Feb 26, 2018
Learn 5 tips for emergency cash management.
Yesterday, one of my Be Wealthy & Smart VIP Experience members mentioned that her bank had experienced a DDOS computer attack and that the ATM machines were not working.
Here’s what she said:
Hey Linda! If you weren’t aware, a “technical issue” took down almost all of XYZ bank yesterday. More than 24 hours later, they’re still only partially back up.
Millions of customers (me included) have been unable to access their accounts. Debit and prepaid cards aren’t working and paychecks and tax refunds are missing. It’s a huge mess...and a big wake up call to many.
I’m actually ok. My paycheck hit early Thursday morning before the outage and my debit card seems to be working. I have some groceries and about $300 cash on hand. So I’m actually fine. Not happy, but fine.
Any further suggestions on how to prepare for things like this in future? I know you’ve talked about it, just don’t remember where...
I have their accounts, plus another account at a completely different virtual bank (for emergency funds).
But the only way to access the funds is via transfer to my XYZ accounts. Maybe open an account at another local bank and link the virtual bank account there too? And clearly, I need more than $300 cash on hand...
Yes you do! Those are good questions and I’m sorry that happened to you, but I’m glad you’re being proactive to plan for a possible longer interruption of service.
I believe it is important to have a good amount of cash in your possession. Now you’ll want to know how much.
That’s not easy to answer because it depends on how much you make and how much you spend on items like groceries, gas, medicines and other necessities (for example if you have babies, diapers are a necessity for you). I’d say have about 20% of a month’s income if you can.
I also recommend having it in low denominations, not 50’s and 100’s, but 20’s, 10’s, 5’s and 1’s because it may be difficult to get change for purchases if there’s a cash shortage.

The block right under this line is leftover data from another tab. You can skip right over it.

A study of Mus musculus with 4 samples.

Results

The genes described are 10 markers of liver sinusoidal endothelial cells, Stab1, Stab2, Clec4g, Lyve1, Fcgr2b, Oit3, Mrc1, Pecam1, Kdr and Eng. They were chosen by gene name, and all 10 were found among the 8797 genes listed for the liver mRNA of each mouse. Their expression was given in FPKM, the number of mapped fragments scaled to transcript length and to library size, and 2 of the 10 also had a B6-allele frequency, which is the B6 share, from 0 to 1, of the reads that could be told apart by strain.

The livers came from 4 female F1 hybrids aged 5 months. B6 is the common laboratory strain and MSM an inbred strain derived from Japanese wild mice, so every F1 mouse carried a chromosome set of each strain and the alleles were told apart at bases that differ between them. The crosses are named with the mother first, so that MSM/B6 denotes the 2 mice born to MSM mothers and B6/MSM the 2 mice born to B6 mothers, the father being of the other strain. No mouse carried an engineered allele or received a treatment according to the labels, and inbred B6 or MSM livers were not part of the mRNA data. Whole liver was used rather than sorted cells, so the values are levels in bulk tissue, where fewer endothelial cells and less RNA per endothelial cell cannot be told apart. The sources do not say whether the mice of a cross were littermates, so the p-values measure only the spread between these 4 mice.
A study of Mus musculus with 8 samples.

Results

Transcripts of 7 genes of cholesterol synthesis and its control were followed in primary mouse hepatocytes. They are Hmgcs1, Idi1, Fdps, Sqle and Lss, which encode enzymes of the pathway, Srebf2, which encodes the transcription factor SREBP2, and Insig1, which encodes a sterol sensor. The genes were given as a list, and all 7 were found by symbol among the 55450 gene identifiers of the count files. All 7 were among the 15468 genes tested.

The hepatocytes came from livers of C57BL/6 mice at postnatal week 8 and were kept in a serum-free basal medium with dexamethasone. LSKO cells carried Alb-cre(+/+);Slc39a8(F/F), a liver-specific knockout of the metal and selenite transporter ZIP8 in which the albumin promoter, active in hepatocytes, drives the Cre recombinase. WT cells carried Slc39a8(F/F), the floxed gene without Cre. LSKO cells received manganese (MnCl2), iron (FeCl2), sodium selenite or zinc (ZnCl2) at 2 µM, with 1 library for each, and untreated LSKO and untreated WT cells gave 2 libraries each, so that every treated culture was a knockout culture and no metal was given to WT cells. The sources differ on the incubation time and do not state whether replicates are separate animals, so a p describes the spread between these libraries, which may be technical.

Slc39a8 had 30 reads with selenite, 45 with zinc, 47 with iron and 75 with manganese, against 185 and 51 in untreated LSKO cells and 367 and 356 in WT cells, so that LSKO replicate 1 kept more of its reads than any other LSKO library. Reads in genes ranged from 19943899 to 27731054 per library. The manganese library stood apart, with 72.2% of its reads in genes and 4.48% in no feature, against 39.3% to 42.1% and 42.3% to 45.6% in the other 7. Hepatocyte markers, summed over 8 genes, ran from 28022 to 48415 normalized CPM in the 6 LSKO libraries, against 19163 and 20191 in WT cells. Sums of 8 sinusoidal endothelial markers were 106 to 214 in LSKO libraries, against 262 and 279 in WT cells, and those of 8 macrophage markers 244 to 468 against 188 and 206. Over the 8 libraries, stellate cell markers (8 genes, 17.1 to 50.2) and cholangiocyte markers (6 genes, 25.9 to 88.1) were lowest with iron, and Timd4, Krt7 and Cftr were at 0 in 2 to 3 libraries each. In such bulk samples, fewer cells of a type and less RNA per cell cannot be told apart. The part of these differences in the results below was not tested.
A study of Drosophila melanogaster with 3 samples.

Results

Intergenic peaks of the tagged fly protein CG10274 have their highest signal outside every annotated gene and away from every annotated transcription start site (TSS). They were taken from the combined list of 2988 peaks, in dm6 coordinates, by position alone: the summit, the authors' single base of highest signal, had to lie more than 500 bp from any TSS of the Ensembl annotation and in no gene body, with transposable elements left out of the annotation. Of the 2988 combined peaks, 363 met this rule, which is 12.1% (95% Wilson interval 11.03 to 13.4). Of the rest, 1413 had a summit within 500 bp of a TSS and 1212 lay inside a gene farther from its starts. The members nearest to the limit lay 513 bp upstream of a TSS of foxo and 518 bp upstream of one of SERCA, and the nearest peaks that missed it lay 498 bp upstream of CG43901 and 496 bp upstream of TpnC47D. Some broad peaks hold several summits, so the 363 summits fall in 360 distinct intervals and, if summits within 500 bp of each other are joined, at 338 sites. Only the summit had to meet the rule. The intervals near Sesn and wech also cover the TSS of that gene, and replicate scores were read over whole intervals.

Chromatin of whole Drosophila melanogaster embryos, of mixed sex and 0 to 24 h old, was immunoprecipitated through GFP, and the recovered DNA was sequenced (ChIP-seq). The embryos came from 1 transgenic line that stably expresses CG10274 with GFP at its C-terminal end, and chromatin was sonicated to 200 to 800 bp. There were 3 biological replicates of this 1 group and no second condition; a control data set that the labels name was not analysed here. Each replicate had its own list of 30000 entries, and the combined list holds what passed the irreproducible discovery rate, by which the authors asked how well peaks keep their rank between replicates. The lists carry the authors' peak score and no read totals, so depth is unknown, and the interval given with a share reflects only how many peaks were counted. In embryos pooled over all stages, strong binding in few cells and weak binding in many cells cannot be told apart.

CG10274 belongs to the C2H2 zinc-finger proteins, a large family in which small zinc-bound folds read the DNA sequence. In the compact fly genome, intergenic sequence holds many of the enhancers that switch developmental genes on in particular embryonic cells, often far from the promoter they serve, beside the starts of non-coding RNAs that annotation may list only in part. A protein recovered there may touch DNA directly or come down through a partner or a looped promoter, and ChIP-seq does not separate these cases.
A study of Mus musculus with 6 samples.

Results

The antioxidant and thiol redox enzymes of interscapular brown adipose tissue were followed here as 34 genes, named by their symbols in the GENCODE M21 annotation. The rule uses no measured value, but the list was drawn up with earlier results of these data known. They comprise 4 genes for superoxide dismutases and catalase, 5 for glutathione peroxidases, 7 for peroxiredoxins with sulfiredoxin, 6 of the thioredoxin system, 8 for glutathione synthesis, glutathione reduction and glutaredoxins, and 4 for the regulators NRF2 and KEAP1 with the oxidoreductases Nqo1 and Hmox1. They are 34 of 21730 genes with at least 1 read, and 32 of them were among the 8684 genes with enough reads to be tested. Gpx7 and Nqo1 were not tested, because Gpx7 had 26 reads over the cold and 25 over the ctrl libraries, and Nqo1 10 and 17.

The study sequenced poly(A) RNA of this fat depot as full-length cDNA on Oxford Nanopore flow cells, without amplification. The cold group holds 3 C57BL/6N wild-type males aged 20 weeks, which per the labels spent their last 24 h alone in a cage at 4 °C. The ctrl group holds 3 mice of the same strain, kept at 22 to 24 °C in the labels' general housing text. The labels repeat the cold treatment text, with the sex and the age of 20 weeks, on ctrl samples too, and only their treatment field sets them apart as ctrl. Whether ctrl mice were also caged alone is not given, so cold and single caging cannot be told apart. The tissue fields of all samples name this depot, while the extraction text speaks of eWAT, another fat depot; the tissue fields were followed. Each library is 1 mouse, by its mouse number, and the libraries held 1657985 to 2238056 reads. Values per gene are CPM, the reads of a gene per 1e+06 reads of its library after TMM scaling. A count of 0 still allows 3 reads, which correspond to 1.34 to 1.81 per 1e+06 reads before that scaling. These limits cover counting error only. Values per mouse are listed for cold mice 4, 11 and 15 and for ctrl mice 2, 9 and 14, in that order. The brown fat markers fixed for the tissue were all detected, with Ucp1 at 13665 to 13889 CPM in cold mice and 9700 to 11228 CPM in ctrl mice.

For example, a few years ago I went to Greece and it was during a banking crisis. They were limiting how much cash you could get per day from the ATM’s and cash was hard to come by.
None of the restaurants would give us any change back for our purchases! They just claimed they didn’t have any cash and we were out of luck getting any money back. A $22 lunch ended up cost $40 because they wouldn’t make change.
You never know if someday we could have a problem with electronics either by hack, natural disaster, a bank holiday or some other reason. Don’t get me wrong, I’m not predicting the end of the world. I just think it’s part of smart planning to have cash on hand.
I also think it’s smart to diversify by account. Having a brokerage account is a good complement to a bank account because you have access to a money market, which you can use for savings, in addition to your investment accounts. It’s very easy to wire the money to your bank from a brokerage if you need to transfer funds.
Not having all of your money in one institution is a good idea. You never know what can happen. Remember during the financial crisis in 2008, banks like Washington Mutual were fine one day and in need of a bailout the next.
Remember, the Federal Deposit Insurance Corporation (FDIC) insures deposits up to $250k per depositor.
A single deposit account is insured up to $250,000. Joint accounts are 50/50 ownership and insured up to $250,000 for each individual named on the account, totaling $500,000.
It’s Linda here. Just wanted to pause for a moment and ask
Now that we’ve established opening a brokerage account in addition to your bank account, let’s talk about why people switch brokerages. According to IBD and Technometrica, 25% of investors have switched their online broker in the past 5 years, vs. 18% five years ago.
The main reasons for switching are:
1. Cost - 39%. Clients are sensitive to fees and commissions.
2. Other - 21%. Not sure what that is, but we’ll come back to this.
3. Convenience - 16%. Ease of use.
4. Bad experience - 9%. Customers had bad service or a complaint with a representative.
5. Execution - 9%. Trades aren’t executed at the price expected.
Other - 21%. Not sure what that is, but I suspect it’s a catch all for everything else not mentioned above and could be research quality, etc.
Changes favored in the next year include:
Lower fees - 40%
Better research - 28%
Better buy lists - 26%
Wherever you decide to keep your money:
1. Diversify savings accounts by institution
2. Consider having an account at a brokerage firm in the mix
3. Keep a healthy amount of cash on hand
4. Keep a mix of lower denominations
5. Calculate how much you’ll need by thinking of how much you spend on groceries, gas, medicines, and necessities in a month or two.